Once again a casualty of one of Baltimore’s many IEDs, Intentionally Embedded Devices, I’m regarding my swollen left knee as I lay with it elevated and iced, and recall the raised water main cover that got me this time.
Craftily planted near the end of a street with a stop sign, and in the crossing path of pedestrians, it lurks mostly hidden by cars which line up over it as they await their turn to pull out onto W. Mount Royal Ave.
Thus, if you’re unfortunate enough to arrive at the curb when a car is in position, you have no reason to suspect there’s anything there but flat pavement, which you’re going to hustle across because there are lots of impatient drivers who seem willing to run you down.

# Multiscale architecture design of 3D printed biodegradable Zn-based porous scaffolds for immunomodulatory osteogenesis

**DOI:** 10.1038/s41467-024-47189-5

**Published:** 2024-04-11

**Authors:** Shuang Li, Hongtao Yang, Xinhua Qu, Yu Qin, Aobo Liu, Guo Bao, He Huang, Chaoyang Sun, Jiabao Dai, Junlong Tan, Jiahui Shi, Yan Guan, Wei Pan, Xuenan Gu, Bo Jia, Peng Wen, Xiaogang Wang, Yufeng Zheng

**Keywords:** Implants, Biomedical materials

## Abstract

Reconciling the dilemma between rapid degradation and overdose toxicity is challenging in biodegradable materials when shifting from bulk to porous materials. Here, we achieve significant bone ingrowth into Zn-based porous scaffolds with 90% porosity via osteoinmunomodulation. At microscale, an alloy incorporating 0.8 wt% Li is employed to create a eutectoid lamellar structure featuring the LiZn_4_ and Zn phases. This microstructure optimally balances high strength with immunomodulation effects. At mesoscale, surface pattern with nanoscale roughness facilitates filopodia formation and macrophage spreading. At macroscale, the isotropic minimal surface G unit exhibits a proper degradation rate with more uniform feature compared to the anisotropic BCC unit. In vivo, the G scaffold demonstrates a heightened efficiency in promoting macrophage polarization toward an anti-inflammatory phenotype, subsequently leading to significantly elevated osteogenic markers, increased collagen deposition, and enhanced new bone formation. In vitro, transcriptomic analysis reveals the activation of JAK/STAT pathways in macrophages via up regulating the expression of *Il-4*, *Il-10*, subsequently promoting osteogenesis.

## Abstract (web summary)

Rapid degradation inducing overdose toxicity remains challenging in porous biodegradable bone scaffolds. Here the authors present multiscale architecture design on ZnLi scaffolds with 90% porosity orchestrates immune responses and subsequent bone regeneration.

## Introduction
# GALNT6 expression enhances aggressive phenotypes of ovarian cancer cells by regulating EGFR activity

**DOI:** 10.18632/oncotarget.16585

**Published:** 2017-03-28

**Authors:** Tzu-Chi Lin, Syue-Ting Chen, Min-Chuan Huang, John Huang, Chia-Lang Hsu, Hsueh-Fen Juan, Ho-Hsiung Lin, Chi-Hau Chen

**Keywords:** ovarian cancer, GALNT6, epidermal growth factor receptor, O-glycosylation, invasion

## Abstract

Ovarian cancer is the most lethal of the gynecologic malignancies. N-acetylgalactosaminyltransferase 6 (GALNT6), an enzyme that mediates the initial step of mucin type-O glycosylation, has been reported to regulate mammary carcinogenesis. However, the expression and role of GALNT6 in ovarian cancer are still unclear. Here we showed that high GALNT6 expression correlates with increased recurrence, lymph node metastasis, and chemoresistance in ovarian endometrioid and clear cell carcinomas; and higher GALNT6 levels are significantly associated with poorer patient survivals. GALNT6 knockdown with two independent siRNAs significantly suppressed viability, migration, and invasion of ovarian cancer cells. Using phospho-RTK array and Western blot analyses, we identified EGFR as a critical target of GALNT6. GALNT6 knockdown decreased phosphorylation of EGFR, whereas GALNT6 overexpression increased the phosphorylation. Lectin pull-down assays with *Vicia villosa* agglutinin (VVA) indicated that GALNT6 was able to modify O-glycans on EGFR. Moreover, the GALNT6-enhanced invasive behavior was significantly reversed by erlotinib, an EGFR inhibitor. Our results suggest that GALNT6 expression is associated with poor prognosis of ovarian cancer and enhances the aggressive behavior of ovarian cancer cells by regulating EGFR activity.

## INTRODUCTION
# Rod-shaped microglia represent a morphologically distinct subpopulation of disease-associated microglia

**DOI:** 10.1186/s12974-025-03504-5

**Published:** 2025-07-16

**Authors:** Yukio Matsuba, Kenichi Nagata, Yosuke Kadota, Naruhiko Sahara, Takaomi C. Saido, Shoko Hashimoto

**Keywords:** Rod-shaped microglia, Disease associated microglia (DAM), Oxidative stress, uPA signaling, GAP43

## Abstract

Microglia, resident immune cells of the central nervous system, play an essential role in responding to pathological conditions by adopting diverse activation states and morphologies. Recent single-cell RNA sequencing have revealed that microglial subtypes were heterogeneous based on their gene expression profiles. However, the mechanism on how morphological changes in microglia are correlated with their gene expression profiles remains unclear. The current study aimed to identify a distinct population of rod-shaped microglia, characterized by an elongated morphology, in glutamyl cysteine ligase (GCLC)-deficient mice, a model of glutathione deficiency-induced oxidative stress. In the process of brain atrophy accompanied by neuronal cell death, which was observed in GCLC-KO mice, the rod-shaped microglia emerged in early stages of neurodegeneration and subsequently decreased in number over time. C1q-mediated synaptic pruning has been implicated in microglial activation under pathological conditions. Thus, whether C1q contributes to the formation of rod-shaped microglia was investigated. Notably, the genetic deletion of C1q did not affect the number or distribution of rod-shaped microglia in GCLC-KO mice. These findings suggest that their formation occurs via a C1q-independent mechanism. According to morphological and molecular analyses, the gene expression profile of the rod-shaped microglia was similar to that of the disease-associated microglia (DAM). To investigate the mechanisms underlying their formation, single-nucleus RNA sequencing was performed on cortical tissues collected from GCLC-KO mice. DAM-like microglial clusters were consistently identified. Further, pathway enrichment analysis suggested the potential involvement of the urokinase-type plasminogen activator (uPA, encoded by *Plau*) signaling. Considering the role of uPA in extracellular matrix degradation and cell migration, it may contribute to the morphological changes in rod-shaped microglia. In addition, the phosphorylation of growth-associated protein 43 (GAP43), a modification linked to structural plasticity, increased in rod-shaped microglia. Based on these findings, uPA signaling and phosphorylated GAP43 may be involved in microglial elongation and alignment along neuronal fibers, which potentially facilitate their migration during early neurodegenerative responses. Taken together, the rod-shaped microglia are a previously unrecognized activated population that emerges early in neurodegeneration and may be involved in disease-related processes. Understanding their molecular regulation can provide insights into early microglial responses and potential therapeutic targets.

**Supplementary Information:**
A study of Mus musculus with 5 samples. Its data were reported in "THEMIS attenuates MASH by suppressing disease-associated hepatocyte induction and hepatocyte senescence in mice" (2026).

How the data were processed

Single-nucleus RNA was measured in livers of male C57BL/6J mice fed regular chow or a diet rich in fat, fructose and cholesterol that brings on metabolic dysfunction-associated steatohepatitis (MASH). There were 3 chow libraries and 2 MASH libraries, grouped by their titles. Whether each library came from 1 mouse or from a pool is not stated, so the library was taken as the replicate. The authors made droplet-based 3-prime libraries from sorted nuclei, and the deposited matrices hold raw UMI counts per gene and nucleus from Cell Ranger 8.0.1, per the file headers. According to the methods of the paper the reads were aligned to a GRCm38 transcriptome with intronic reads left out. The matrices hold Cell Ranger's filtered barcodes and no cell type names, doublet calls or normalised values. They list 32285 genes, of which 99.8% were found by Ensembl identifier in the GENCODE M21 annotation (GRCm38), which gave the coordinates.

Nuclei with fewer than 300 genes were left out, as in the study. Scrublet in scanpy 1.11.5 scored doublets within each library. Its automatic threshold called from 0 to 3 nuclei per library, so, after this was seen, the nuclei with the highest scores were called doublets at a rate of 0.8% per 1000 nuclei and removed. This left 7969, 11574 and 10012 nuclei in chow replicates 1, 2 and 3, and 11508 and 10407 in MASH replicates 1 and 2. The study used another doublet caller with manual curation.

Toting a couple of grocery bags, I saw my break and strode quickly out, timing it as the car at the stop sign was moving away. Bam! Down on my left knee hard, benighted by Baltimore once again for doing battle with it’s terrain. Abrasions on my palms, groceries in the street.
The last time, the IED was a loose brick on the Bolton Hill side of the street. It was a hot sunny morning and I decided to go for the shade. Boy, was it ever shady. On the quaint old sidewalk a perfect brick lay positioned, level with all the rest. The one just past it had a chunk taken out of it, so you can be sure I wasn’t going to step on that one.
The ball of my left foot planted on the perfect brick, which rocked forward into the open space created by the missing chunk and launched me like a baseball player sliding headfirst into first base.
Torn pants, abraded and bleeding palms, but a survivor.
Thinking back to a Sunday matinée at the BSO, and watching many older people limping in on canes, stumping in on walkers, and rolling in on wheelchairs, I wonder how many of them are just succumbing to old age and how many are victims of Baltimore’s land mines.